Resource Library

In Rime of the Ancient Mariner, Samuel Taylor Coleridge writes, “Water, water everywhere, and all the boards did shrink. Water, water everywhere, nor any drop to drink . . . .” Though he’s writing about sailors stuck at sea who are surrounded by undrinkable sea water, have you ever asked if your camp water supply is just like that: all around you, but not drinkable? Some time back, this column looked at common issues with camps’ potable water systems.


Published Date:

Every day I feel I am reading another article that pontificates about the importance of education and how we need to create year-round education. Don't misunderstand, education throughout the year is imperative; however, I am not sure I always agree with proposals on how we "get there." And, when we talk about summer learning loss, what have we lost and what have we gained? Or, what did we have an opportunity to gain if we just had the chance to have the experience?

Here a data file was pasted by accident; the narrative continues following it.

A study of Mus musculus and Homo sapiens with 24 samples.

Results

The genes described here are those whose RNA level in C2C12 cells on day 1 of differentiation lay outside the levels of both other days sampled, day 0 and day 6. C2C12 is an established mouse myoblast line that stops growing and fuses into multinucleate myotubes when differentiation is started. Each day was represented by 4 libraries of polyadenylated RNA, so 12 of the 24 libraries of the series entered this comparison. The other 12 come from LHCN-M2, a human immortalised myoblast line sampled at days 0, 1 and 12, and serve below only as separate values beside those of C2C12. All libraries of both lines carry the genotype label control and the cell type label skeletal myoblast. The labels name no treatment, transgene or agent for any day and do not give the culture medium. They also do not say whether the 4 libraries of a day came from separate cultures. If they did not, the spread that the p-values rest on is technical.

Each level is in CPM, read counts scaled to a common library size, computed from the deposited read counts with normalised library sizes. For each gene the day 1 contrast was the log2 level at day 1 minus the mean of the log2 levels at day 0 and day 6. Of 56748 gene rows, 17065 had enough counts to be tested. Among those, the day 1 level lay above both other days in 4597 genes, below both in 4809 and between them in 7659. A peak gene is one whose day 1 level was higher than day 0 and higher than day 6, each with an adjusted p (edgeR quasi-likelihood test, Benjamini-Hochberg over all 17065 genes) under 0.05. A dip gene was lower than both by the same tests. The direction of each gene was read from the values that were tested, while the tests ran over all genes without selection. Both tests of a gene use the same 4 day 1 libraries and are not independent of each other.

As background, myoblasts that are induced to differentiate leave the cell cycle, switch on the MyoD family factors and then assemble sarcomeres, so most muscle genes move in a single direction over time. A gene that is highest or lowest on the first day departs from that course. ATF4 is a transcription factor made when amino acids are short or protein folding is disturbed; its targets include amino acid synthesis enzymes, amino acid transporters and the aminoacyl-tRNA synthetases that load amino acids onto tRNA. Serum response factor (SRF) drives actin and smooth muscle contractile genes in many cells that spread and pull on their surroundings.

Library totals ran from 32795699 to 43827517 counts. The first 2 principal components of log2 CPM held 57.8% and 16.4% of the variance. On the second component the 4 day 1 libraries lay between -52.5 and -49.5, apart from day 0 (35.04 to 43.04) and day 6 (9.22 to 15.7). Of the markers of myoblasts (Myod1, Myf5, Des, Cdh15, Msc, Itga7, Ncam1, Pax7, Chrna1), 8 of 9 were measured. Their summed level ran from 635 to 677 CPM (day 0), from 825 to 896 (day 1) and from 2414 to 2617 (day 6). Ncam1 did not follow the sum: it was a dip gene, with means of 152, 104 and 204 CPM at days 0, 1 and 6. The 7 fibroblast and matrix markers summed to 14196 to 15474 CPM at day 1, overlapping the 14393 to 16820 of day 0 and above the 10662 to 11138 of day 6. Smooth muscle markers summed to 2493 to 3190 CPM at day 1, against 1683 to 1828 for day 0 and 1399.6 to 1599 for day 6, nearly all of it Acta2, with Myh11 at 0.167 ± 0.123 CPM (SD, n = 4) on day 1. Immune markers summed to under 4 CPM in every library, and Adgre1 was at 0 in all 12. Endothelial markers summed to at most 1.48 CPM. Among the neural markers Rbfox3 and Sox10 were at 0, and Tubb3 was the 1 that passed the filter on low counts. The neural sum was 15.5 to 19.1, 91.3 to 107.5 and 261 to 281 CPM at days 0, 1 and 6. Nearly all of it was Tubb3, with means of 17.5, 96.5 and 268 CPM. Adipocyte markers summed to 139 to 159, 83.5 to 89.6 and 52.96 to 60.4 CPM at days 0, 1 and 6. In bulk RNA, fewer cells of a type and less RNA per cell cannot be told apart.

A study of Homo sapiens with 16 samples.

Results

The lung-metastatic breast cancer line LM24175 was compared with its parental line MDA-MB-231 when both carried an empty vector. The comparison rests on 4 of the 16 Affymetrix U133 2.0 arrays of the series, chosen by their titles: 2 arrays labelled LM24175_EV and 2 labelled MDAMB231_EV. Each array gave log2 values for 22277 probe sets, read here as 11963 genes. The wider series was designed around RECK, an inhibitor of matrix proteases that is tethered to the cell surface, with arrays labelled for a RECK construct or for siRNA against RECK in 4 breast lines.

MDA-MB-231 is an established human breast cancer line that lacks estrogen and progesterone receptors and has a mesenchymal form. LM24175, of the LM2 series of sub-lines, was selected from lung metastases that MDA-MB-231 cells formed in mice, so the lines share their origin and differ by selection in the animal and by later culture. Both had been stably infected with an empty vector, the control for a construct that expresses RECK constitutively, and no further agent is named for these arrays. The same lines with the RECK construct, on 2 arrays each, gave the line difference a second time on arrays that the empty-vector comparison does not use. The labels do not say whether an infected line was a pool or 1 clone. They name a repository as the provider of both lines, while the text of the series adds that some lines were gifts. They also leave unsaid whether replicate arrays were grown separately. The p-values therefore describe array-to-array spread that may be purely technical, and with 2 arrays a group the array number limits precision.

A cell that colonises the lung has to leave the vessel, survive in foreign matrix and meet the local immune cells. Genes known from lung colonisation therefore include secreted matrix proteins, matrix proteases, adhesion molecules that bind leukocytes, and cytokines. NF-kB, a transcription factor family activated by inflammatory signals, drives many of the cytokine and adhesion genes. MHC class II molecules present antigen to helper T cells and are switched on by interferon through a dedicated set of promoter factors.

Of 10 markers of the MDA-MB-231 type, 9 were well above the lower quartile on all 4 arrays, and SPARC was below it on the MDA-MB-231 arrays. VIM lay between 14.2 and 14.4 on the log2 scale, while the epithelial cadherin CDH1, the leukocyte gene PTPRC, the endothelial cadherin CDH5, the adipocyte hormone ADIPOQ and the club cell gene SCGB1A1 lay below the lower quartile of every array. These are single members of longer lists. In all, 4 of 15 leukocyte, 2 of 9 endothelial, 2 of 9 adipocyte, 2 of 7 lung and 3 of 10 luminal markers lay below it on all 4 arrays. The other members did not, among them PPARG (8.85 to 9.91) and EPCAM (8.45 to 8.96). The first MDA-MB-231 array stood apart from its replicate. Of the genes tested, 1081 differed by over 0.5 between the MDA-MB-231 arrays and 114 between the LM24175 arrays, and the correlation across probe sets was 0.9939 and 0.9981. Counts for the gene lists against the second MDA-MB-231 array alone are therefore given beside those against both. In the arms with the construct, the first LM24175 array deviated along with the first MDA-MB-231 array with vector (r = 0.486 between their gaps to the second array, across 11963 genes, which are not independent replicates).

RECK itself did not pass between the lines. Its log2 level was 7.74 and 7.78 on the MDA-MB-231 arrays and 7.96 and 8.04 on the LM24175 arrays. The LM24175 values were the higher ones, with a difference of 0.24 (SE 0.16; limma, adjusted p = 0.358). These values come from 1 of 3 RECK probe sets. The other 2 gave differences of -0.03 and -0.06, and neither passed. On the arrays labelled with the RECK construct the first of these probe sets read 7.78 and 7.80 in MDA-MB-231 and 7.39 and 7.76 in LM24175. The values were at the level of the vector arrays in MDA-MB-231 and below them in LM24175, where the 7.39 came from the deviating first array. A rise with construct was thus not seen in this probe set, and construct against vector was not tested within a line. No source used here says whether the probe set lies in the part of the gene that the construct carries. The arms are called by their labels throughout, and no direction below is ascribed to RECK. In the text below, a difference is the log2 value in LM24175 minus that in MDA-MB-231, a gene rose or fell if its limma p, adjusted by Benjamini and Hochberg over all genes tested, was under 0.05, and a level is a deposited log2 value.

That is my confession.

Of course, I am not exactly sure of the requirements to be a "good" disciplinarian. Objective, fair, and consistent come to mind . . . all important for sure, but perhaps a little abstract to construct a nicely bound definition of a model disciplinarian. Maybe that's part of my problem.



everyday — natural latex rubber.


We've all looked into a group of students' eyes, as we share the intricacies of the food chain or the magnificence of the carbon cycle, and asked ourselves, "Are they getting this?" But have you ever looked beyond their eyes and into their hearts as you led them on a nature walk or uncovered critters in a tide pool and wondered how they are connecting with nature?